Ethicists: Include Pregnant Women in National Children's Study
An ambitious new national study that aims to follow children from conception through adulthood will miss a golden opportunity to gather data on the most underrepresented population in clinical research -- pregnant women, say leading ethicists at Duke University Medical Center, Johns Hopkins, and Georgetown Universities.
However, there's still time, they say, to make small but crucial cost-effective changes that could yield valuable information for women's health from The National Children's Study.
"This is an ideal chance to study women during and following pregnancy, as well as the babies they will bear," says Anne Drapkin Lyerly, MD, an obstetrician/gynecologist and medical ethicist at Duke.
She is the lead author of a paper being published online today by the American Journal of Public Health. It urges NCS organizers to make changes in the study's design before it's too late.
"The simple act of adding a few key questions on medication usage to the interviews and blood draws already scheduled can lead to a wealth of information," says Margaret Olivia Little, director of the Kennedy Institute of Ethics at Georgetown University.
Ruth R. Faden, executive director of Johns Hopkins Berman Institute of Bioethics, added, "it makes such good sense, ethically and economically, to include a focus on pregnant women in the NCS. Just a few additional questions could make an enormous difference to the health of women, not only during pregnancy but throughout their lives."
Although the Institute of Medicine began recommending that pregnant women be included in clinical trials 15 years ago, pregnant women remain excluded from trials for many reasons, including the ethical concerns raised when trying to strike a balance between maternal and fetal risks.
"Of course safety of medicine for a developing fetus is rightfully a concern, but it shouldn't swamp all others," notes Lyerly who adds there are social ramifications at play too. "When an untreated woman dies of cancer, there are obviously lifelong implications for a child facing life without a mother."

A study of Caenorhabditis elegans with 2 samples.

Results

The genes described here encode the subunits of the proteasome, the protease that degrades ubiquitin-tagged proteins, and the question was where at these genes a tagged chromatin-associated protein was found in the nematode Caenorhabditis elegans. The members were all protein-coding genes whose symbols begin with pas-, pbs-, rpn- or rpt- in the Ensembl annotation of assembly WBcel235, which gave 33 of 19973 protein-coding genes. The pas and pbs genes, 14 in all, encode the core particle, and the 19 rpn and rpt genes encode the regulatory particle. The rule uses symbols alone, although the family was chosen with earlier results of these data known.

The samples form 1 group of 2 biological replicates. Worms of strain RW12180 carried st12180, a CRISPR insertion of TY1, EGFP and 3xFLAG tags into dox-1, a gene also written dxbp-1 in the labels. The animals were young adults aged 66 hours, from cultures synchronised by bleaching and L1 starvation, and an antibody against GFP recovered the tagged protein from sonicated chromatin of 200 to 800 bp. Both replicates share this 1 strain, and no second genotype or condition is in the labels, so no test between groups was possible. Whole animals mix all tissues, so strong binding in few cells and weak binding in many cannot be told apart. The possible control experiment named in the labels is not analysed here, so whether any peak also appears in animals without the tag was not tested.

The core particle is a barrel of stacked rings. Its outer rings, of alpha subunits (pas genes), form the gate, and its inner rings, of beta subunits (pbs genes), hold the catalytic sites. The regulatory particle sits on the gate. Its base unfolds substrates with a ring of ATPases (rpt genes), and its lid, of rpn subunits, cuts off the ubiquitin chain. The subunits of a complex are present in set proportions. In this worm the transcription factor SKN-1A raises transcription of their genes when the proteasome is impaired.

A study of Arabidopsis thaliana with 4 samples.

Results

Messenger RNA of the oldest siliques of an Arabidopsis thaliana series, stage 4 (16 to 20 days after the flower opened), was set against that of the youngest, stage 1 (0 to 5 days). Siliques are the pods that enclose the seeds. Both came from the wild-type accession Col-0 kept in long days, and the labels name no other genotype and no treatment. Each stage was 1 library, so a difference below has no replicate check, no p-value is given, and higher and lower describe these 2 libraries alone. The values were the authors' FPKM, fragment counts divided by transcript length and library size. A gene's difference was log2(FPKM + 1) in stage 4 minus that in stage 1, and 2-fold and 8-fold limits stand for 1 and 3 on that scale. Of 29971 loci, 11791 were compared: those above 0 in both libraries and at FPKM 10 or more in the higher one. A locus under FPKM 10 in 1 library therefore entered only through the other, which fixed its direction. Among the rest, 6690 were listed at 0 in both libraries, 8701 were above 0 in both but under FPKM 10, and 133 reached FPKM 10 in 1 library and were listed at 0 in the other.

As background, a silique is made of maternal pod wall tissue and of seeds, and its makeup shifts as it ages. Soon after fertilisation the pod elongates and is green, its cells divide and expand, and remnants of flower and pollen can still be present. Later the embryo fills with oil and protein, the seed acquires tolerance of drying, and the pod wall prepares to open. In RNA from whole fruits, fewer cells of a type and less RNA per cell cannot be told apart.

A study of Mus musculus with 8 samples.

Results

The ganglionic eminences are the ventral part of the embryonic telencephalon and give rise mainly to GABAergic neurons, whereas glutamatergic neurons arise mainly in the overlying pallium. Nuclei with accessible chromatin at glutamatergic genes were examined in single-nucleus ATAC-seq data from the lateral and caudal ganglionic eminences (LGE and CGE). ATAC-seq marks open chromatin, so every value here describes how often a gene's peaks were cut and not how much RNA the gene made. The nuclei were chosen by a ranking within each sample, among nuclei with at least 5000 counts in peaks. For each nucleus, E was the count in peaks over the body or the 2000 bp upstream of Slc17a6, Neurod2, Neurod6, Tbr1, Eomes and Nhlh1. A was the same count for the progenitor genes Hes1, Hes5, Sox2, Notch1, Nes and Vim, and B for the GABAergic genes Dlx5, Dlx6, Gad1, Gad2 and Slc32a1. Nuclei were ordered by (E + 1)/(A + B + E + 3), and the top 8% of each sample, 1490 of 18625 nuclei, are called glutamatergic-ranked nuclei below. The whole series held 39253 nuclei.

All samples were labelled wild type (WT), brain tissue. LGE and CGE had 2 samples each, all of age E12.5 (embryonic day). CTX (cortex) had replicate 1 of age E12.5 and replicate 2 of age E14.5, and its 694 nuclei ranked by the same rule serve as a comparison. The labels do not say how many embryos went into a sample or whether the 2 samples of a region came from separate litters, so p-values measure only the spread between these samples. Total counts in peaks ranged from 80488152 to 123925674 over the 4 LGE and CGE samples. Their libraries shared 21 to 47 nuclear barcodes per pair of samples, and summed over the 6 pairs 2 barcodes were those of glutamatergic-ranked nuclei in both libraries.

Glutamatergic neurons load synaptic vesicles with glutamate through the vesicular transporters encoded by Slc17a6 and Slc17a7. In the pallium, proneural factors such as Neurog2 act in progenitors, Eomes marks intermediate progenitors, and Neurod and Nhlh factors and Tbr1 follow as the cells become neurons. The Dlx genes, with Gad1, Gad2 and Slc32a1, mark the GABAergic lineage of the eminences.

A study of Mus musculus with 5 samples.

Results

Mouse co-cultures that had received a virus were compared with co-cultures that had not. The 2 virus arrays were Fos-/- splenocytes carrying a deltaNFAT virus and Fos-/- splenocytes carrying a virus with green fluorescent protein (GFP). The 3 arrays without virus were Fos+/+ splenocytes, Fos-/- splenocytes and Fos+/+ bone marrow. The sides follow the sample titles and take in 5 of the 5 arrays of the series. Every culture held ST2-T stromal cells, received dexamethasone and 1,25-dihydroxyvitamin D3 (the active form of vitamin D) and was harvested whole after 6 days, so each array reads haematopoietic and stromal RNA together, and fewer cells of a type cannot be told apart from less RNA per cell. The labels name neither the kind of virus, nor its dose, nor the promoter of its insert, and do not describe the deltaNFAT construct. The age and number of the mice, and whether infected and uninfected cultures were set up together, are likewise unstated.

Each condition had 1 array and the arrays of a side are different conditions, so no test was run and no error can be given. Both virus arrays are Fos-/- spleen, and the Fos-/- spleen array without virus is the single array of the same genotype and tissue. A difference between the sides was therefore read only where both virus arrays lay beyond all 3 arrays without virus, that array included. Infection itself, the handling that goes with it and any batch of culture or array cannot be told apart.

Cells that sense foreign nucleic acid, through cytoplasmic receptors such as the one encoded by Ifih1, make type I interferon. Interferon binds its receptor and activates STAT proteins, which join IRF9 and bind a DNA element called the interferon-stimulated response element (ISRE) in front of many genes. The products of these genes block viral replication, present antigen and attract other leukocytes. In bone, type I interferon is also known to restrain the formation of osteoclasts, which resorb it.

Nearly two-thirds of the four million women who become pregnant each year take prescription medications during their pregnancy for conditions ranging from hypertension to cancer, Lyerly says.
A handful of medications are approved for use during pregnancy by the FDA, and most are for gestation or birth-related issues like anesthesia and nausea. As a result, clinicians have little evidence on which to base their recommendations.
"Pregnancy changes the body in dramatic and often unpredictable ways," says Lyerly. Previous studies show pregnancy alters liver enzymes, concentrations of sex hormones, and how quickly drugs are metabolized by and excreted from the body.
The lack of data also leaves many pregnant women under-treated for conditions where treatment could outweigh some of the potential risks. For example, poorly controlled asthma can lead to dangerous pregnancy complications and fetal growth problems while major depression is associated with poor outcomes for women and neonates.
"A large, observational study in which fetuses are not put at any additional risk is a promising and ethically uncomplicated way to gather data," says Lyerly.
That, she contends, is the design of the National Children's Study. The goal is to follow 100,000 children, with 25 percent being enrolled prior to conception and up to 90 percent during the first trimester of pregnancy. This means researchers will be in regular contact with 90,000 women throughout their pregnancy.
Based on current statistics, that could potentially mean a study population including 4,000 women with diabetes, 4,000 women with pregnancy-related hypertension, 1,000 with chronic hypertension, 12,000 with depression, 4,000 to 8,000 women with asthma, and 2,700 women with thyroid disease.
Many of these women will be taking one or more medications without data to back up their doctors' recommendations. And, that, she says, is exactly what the NCS researchers could be evaluating.
Lyerly and her colleagues recognize that changes to the NCS can only come at the price of additional funding. At a minimum, they say the study should be expanded by including the collection of additional data from already scheduled interviews and maternal chart reviews. "These data would document women's health outcomes related to their pregnancy," she says.
Second, blood already being drawn from pregnant women can be used to garner information on how drugs are metabolized by the woman's body. At the very least, it would help guide the identification of drugs that require more intensive study.
"These two efforts, at very little additional cost, would result in a rich database of knowledge that could lead to critical improvements in the care of pregnant women," the trio states in their paper. "Not including them, in our view, would be hard to justify."